Gerard Zwang

Presented at the Fourth International Symposium on Sexual Mutilations,
University of Lausanne, Lausanne, Switzerland, August 9-11, 1996.

Beyond any immediate complications, some of which can often be fatal, infant sexual mutilation always has consequences for erotic function.

The harm of female genital mutilation is most dramatic. Prior to first coitus, the clitoris is usually the only source of female orgasm. It has the obligatory role of activation-establishment of the epigenetic connection of the orgasmic circuit. If this neural reflex circuit is not active during childhood it will never be functional. In the months or years following first coition, intra-vaginal penetration cannot trigger an orgasm unless this circuit is functional. Ablation of the clitoris during the infancy prevents the establishment of the reflex circuit, and the woman will never be able to experience clitoral or vaginal pleasure.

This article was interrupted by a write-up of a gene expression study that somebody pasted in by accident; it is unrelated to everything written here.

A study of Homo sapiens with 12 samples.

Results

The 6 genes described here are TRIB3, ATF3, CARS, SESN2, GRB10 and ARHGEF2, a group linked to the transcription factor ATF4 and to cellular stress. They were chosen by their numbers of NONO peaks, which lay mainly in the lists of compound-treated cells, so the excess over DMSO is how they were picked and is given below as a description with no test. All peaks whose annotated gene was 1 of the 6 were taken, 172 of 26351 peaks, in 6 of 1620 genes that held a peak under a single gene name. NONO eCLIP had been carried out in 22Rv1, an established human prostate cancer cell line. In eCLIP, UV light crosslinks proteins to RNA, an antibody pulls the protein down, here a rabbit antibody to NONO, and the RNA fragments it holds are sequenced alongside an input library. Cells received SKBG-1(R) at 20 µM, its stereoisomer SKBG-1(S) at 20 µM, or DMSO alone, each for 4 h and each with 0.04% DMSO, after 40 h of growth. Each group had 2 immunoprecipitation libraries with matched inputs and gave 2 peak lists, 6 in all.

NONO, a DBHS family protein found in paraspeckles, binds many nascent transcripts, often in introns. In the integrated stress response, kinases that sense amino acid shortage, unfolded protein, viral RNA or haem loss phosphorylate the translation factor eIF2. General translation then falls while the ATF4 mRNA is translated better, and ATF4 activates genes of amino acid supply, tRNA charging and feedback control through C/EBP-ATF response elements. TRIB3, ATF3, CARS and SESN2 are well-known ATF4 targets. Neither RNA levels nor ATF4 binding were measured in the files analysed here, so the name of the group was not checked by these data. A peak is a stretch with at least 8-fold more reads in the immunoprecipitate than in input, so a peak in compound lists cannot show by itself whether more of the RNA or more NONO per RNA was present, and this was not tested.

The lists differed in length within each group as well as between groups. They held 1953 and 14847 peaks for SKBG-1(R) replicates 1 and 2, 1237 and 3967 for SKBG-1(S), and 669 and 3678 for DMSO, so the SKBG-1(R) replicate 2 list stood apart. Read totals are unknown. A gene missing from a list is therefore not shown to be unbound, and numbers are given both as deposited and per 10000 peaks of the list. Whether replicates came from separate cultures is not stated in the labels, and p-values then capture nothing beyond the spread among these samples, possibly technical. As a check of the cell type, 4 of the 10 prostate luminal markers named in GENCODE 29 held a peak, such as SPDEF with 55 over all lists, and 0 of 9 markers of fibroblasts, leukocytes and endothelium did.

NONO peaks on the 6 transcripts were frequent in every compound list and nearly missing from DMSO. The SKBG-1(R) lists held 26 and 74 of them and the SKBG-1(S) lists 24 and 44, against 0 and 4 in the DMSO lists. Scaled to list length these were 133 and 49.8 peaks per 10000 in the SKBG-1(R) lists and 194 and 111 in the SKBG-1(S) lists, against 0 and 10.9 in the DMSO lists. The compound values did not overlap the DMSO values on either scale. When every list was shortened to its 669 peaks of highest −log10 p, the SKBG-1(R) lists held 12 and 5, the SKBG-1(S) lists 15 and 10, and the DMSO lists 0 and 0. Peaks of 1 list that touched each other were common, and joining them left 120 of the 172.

In males, the erotic function of the prepuce is usually to serve as intermediary for manual stimulation of the glans. The sexual partners of circumcised males have a decreased ability to stimulate the circumcised penis. This necessarily constitutes an important functional disfunction in terms of the necessary foreplay to intercourse. Many newly circumcised adult males complain of hypersensitivity of the glans. They succumb to premature ejaculation, a dysfunction that is epidemic in the United States.

[The complete paper is published in Sexual Mutilations: A Human Tragedy, New York: Plenum Press, 1997 (ISBN 0-306-45589-7).]

Gerard Zwang was born in Paris in 1930. He has made his career as a urologic surgeon and has contributed significantly to the scientific study of sexuality. In 1975, with his colleagues in Montpellier, he described the arterial origin of most cases of impotence. His first publication, Le Sexe de la Femme (1967), denounced female sexual mutilation, and in 1977, he participated in the first international press conference, held in Geneva, against these mutilations. Among his other works, La Statue de Freud, a thorough refutation of psychoanalysis, and a Historie des Peines de Sexe. In 1990 he was awarded the Prix du Medecine for his Pathologie Sexuelle, and in 1988, he was awarded the Prix Medecine et Culture for his life's work.